Goa Police ‘lose track’ of 366 foreigners who jumped bail since 2015
The Goa Police has lost track of 366 foreigners who were enlarged on bail between 2015 and the first half of 2020, according to data collated by the state home department and submitted in the High Court.
The foreigners who have mostly been arrested under sections of the Narcotics Drugs and Psychotropic Substances (NDPS) Act have been released on bail often with the condition that they report to the police station regularly or keep the local police station informed about any trips outside the state or country.
The absconding foreigners make up 90% of foreign nationals who were enlarged on bail pending trial and have fled the country or otherwise made themselves scarce and not available to face prosecution. A bulk of them are from the North Goa district.
The Superintendent of Police (North) has revealed to the court that the police in his jurisdiction lost track of 32 foreign nationals in 2015, 40 in 2016, 65 in 2017, 87 in 2018, 59 in 2019 and 22 up to August 31 this year.
The Anti-Narcotics Bureau of the Goa Police said it lost track of 3 undertrials in 2015, five in 2016, eight in 2017, nine in 2019 and eight in 2019.
The Superintendent of Police (South) said he lost track of 16 foreigners during the same period while the Crime Branch said they had no track of 20 such foreigners facing trial since 2015.
“It is evident that in almost 90% of the cases where the foreigners have been enlarged on bail, their present whereabouts are unknown meaning thereby, that in all probabilities such foreigners have fled the country or otherwise not available to face the prosecution,” the Bombay High Court at Goa division bench of Justices M S Sonak and M S Jawalkar said.
These foreigners are mainly Nigerians but also include Kenyans, Tanzanians, Ghanaians, Israelis and Russians.
“If the concerned police officials were to realise that the foreigners are not attending the police stations and marking their attendance, the least that was expected was to move the courts for cancellation of bail. Besides, the police officials were required to immediately swing into action and trace such foreigners, before they succeed in fleeing from justice,” the High Court said.
“From the statistics furnished, at least prima facie impression is created that the police agencies have treated this matter absolutely casually. We reiterate that if this continues, then, the administration of criminal justice in this State will be very seriously affected,” the judges noted.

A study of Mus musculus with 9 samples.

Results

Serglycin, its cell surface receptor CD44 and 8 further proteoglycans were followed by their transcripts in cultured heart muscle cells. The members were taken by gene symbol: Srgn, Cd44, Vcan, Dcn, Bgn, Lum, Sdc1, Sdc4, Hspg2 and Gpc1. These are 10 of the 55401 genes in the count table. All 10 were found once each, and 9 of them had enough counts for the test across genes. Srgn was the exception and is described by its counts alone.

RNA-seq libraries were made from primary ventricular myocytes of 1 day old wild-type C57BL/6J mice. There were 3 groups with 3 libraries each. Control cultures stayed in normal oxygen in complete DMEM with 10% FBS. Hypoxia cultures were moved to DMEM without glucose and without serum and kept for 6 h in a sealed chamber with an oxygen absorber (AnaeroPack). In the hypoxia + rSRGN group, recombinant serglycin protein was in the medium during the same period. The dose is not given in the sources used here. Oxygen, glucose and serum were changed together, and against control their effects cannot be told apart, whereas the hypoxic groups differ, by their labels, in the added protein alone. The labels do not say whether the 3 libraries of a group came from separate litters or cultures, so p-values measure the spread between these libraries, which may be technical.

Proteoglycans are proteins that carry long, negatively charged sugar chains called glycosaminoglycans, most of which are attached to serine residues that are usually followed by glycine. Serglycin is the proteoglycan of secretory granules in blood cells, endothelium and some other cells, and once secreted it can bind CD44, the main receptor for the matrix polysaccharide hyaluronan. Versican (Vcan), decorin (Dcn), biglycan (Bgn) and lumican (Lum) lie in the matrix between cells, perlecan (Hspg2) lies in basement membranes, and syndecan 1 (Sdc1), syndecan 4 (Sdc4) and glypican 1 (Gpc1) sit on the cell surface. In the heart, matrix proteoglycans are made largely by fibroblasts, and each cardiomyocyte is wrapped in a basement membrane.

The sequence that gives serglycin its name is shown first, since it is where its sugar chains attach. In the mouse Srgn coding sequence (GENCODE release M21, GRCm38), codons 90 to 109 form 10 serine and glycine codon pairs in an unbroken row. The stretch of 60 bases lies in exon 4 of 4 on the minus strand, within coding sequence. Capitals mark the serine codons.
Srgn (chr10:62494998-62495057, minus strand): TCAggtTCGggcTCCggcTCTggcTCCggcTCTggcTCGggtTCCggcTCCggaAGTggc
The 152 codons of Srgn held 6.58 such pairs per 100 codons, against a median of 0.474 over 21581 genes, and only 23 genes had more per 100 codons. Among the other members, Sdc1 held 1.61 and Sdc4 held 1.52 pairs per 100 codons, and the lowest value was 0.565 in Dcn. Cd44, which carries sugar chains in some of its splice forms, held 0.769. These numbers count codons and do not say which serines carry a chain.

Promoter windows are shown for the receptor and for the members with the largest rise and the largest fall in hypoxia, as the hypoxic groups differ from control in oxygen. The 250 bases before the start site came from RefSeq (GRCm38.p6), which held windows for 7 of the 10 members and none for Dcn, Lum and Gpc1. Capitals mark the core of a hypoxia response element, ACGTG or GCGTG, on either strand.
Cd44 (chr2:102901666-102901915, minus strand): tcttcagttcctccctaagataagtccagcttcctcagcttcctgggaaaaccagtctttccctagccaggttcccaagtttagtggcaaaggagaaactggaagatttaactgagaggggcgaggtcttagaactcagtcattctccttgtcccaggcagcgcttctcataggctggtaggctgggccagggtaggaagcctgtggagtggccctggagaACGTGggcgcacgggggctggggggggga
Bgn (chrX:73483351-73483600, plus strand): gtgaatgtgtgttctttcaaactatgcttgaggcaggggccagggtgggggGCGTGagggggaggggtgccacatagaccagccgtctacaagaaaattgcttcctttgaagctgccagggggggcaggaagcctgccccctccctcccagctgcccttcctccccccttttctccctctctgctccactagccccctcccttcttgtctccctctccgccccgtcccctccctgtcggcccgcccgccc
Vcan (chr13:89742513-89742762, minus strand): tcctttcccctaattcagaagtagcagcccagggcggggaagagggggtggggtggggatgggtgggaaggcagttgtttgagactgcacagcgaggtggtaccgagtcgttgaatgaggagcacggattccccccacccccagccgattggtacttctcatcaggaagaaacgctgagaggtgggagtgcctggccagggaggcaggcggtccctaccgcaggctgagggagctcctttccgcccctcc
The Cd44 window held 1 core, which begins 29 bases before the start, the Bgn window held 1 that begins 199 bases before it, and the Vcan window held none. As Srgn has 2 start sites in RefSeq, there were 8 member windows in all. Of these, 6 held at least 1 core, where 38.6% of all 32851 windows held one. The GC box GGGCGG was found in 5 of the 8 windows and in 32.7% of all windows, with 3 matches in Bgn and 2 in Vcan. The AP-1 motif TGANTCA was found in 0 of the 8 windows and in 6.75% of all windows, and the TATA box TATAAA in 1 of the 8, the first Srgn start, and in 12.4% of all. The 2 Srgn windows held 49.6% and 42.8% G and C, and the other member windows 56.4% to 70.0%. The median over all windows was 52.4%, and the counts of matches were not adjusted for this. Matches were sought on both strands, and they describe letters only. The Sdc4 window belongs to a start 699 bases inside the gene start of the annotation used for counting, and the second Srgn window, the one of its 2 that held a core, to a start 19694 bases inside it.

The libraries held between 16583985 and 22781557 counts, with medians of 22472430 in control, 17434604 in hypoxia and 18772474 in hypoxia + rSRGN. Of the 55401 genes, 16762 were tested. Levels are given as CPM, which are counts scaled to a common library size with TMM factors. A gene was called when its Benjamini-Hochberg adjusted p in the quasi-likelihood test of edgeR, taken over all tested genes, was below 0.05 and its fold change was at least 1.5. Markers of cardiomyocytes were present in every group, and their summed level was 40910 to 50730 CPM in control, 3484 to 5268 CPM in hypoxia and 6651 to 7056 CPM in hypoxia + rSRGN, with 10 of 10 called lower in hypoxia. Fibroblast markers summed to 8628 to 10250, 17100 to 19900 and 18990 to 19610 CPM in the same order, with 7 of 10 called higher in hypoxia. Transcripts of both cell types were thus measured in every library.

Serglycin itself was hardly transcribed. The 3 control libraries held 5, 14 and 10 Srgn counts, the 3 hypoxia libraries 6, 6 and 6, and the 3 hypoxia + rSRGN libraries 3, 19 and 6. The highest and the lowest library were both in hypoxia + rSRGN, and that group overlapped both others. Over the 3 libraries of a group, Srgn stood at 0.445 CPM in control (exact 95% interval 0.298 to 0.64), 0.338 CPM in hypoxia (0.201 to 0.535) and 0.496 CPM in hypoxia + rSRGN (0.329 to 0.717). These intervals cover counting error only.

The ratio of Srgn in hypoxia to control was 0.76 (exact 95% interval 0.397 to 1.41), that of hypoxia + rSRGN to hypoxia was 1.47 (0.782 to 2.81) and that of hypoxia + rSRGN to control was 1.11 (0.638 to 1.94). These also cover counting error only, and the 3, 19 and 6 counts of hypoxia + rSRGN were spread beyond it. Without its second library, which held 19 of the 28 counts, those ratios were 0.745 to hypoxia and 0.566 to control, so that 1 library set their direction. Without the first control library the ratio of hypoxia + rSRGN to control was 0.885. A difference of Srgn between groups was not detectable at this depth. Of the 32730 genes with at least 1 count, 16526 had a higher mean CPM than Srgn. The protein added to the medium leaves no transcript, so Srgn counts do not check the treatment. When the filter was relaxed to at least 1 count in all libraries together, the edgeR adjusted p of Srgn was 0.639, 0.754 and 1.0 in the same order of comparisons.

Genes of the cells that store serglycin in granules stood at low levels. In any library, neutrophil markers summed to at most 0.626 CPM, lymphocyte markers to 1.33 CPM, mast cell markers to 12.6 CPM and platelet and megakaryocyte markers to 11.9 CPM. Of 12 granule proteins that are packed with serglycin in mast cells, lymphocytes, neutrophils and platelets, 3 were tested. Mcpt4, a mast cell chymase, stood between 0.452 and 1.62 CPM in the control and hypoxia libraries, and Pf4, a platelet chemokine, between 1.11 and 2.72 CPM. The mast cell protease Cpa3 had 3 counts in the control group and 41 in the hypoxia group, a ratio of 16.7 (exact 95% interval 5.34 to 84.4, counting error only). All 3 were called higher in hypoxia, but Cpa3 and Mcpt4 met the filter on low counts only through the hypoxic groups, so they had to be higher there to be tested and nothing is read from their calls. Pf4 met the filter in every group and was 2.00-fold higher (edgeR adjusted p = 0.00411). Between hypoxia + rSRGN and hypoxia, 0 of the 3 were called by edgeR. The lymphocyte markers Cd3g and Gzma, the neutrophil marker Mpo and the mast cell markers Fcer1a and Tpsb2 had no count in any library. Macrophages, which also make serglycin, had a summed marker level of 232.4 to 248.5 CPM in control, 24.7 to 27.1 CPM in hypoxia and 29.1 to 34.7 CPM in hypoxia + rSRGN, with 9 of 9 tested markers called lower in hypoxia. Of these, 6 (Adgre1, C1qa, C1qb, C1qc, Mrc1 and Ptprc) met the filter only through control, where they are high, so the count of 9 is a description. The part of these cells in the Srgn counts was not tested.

The High Court was initially hearing an appeal filed by the State against the acquittal of one Pavel Neuhausel, a Czech national who was arrested on charges of murdering his partner Marketa Horka in 2013. After his initial acquittal by the trial court of the murder, Neuhausel was enlarged on bail while the state challenged the acquittal in the High Court.
However, during the hearing of the acquittal it came to light that Neuhausel had fled the country.
Back in 2013 Neuhausel was found in an unconscious state alongside the railway tracks at Cansa Tivim in North Goa and told the police that he was kidnapped, assaulted and dumped by the railway line. When the police broke into his room at the guest house where he was staying, they found his murdered partner lying in a pool of blood. He was arrested for the murder.
“We found that the police agencies were not at all serious, either in apprehending the accused or even in fixing any responsibility upon the police officials who were responsible for the accused jumping the bail and fleeing the country,” the High Court observed.
“This is a serious issue affecting the administration of criminal justice. If this continues, then, it will have a very serious effect upon the administration of criminal justice in the State of Goa,” the High Court said.
No one in the government was willing to come on record about the court’s observations. But Goa’s Advocate General Devidas Pangam said the government will file a reply in response to the Court’s orders.